Tom Hanks stayed in character as Paul Edgecomb whenever Stephen King visited the set. King asked him if he would like to sit in Old Sparky, but Hanks refused since he is in charge of the block. See more »
On the desk in "E-Block" at Cold Mountain, there is a small black clock. It is next to the telephone, and faces the wall behind the desk. When Wild Bill is brought into the cell block and the brawl ensues, the clock is knocked off of the desk. This action shows the clock clearly, and it is a Westclox Big Ben "Style 5". The Style 5 was designed by Henry Dreyfuss and introduced in 1939. Production continued until 1949. Since the movie takes place in 1935, that particular model of clock should not be there (especially given how worn it looks). See more »
There are no opening credits after the title has been shown, followed by the opening scene for place of film. Although it is now commonplace for films to not have opening credits, in 1999 it was somewhat rather unusually and it was considered for a trademark of director Frank Darabont. See more »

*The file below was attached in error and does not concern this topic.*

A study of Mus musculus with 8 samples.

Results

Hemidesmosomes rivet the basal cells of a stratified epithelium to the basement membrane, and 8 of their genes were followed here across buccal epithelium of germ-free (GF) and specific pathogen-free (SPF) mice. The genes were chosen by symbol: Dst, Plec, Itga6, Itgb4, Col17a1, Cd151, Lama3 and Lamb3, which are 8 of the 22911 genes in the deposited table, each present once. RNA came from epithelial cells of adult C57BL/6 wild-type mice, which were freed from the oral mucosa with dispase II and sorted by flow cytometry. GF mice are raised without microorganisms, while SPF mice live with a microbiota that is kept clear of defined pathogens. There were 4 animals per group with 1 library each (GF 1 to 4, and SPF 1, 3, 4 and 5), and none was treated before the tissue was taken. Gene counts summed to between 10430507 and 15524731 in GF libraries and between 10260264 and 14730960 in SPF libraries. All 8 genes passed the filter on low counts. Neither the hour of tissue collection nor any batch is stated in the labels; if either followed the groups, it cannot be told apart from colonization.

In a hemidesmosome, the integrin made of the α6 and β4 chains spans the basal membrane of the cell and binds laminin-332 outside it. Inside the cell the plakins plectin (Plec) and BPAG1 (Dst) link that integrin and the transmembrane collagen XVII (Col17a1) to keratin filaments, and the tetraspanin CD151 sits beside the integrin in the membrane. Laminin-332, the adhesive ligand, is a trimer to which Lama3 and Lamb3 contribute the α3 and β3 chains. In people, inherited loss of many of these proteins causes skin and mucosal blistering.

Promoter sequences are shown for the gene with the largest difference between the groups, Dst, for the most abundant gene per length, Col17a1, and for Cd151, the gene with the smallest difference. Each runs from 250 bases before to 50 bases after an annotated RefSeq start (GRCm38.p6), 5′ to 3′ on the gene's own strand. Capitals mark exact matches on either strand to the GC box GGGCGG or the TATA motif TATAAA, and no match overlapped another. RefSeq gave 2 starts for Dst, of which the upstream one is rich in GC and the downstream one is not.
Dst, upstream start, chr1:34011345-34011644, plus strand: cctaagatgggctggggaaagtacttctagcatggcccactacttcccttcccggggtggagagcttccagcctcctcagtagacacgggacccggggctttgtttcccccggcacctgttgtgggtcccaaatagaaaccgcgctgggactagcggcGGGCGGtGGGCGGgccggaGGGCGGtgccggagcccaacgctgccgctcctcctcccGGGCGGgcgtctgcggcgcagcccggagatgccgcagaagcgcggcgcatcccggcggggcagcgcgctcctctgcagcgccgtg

This movie is a real gem. It is hard to find fault with it. Hanks is excellent in a role that clearly calls for him to suppress his natural slant toward humor. He is Paul Edgecomb; Tom Hanks is nowhere to be found. Yet he gives Edgecomb just the right flavor. One cannot find a single weak cast member! Michael Jeter should have got an Oscar. Michael Clark Duncan put just the right shading on his huge character to make him vulnerable and sympathetic.
Flawlessly shot on perfect period sets, the whole production binds together to bring the extraordinary story into the realm of a believable and compelling study of human injustice and charity.